Guides To Higher Learning

Finding the right fit between college-bound high schoolers and the nearly 3,000 institutions of higher learning in the United States is a complicated process.

During the past decade, there has been an explosion of college guides to help with these decisions. Nothing beats getting on campus to attend classes and soak up the atmosphere. But these guidebooks provide an avenue of entry for high schoolers who are beginning to plan their futures.

THE FISKE GUIDE TO COLLEGES 1994, by Edward B. Fiske (Times Books/Random House, 800 pp., $16). Edward Fiske, a former education editor for the New York Times, first published his guide in 1982, and it has since become a bestseller.

The new edition identifies 14 public colleges and universities that have high quality liberal-arts programs yet offer affordable tuitions.

Fiske reviews 315 of ``the best and most interesting institutions in the nation.'' Each essay covers a range of issues including: academics, student makeup, financial aid, housing, food, social life, and extracurricular activities.

Colorful quotes from students and faculty flesh out the statistics. The colleges are ranked from inexpensive to very expensive and are given ratings from 1 to 5 in three areas: academics, social life, and quality of life.

THE INSIDER'S GUIDE TO THE COLLEGES 1994, compiled and edited by the staff of the Yale Daily News (St. Martin's Press, 736 pp., $14.99). Billed as ``the only college guide written entirely by current students,'' this review's writers reveal a close connection to the college scene. Although nearly all these guides offer an advice section, this one is particularly useful. Without being flip, the reviewers speak with the authority of someone who has recently been in the high schoolers' shoes.

Without attempting to rate the colleges, this guide offers insightful and wide-ranging essays on the characteristics of about 300 schools.

THE PRINCETON REVIEW STUDENT ACCESS GUIDE - THE BEST 286 COLLEGES 1994, by Tom Meltzer, Zachary Knower, Edward T. Custard, and John Katzman (Villard Books, 651 pp., $17). Although exhaustively researched, this guide has a flip, sarcastic tone. It boasts of surveying 40,000 college students in the largest national opinion poll of college students.

But much of the information appears intended to entertain rather than inform. At the beginning of the guide, the top 20 schools are ranked in 61 categories ranging from ``the toughest to get into'' to ``professors suck all life from material.''

THE MULTICULTURAL STUDENT'S GUIDE TO COLLEGES, by Robert Mitchell (Noonday Press/Farrar, Straus & Giroux, 839 pp., $25). As more minority students enter colleges, there is a growing interest in institutions' multicultural records. This guide grew out of Robert Mitchell's experience as an English teacher at a public high school in New York City. He often advises college-bound students and detected a lack of information for minority students interested in higher education.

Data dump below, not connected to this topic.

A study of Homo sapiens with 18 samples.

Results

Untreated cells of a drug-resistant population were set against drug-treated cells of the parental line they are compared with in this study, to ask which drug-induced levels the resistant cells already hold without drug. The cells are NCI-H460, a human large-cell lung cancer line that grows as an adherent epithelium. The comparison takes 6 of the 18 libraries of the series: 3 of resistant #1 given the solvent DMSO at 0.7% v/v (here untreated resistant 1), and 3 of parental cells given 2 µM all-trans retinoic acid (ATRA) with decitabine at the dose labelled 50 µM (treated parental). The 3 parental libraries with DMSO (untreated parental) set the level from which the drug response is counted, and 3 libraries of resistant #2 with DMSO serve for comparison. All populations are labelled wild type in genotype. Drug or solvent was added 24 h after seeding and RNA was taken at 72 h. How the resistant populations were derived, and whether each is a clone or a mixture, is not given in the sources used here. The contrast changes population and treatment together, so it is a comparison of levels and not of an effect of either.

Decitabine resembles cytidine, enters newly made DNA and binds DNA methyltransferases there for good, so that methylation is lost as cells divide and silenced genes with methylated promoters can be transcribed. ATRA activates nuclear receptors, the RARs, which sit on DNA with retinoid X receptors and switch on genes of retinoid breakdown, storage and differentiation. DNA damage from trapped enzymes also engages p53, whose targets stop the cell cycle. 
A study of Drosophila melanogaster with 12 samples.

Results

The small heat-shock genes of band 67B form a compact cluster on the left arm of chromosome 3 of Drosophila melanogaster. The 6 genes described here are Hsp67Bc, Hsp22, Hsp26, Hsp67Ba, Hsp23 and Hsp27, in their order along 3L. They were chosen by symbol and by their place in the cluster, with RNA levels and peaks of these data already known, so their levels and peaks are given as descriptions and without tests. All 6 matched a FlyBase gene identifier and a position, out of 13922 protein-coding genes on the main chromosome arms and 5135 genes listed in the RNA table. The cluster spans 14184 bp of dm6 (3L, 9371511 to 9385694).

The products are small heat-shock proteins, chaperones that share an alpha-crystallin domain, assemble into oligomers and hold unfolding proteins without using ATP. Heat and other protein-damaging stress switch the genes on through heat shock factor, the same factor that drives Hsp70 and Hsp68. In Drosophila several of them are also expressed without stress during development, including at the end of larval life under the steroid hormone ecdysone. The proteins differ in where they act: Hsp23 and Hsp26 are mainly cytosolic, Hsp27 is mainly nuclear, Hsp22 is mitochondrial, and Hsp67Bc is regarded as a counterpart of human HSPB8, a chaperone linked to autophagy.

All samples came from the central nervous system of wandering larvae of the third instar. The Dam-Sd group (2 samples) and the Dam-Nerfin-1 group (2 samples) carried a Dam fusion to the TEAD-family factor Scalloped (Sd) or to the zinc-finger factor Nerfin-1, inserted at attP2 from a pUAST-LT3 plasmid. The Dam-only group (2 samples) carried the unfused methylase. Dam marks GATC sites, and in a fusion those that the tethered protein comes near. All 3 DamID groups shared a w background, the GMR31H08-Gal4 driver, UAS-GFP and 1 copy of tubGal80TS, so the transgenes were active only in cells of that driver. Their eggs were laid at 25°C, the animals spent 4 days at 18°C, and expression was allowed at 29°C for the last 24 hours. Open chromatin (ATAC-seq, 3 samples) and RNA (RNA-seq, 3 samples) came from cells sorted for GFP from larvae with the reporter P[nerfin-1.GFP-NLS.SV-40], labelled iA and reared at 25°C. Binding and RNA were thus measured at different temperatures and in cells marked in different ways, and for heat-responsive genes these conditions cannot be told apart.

The guide lists the percentage of minority faculty and students at 239 of the top American schools, along with scholarships offered exclusively for minority students, ethnic-studies programs, and retention rates of minority students. Mitchell also describes the racial atmosphere on campuses and notes schools where racial unrest or hate crimes have occurred.

THE COLLEGE FINDER: 475 WAYS TO CHOOSE THE RIGHT SCHOOL FOR YOU, by Steven R. Antonoff (Ballantine, 517 pp., $12.95). This is more a book of lists than a comprehensive guide to the nation's colleges and universities.

Using 475 ``quick-reference lists,'' the former dean of admissions at the University of Denver profiles more than 1,000 schools. The book is divided into chapters on such issues as admissions, academics, social, athletics, cost, and enrollment.

The lists range from ``Colleges with the Highest Admission Standards'' to ``Top Colleges for the Late Bloomer'' and ``The 40 Largest College Libraries'' to ``Colleges for the Shy Person.''

Steven Antonoff does not confine himself to simply ranking the colleges in obscure categories, however. He also includes such lists as the five most useful college guidebooks (his is not on the list) and what factors admissions officers consider most important.

One of the most helpful sections lists the top schools in a variety of fields and majors. Much of this is arcane information. But for students with specific questions, this book might come in handy.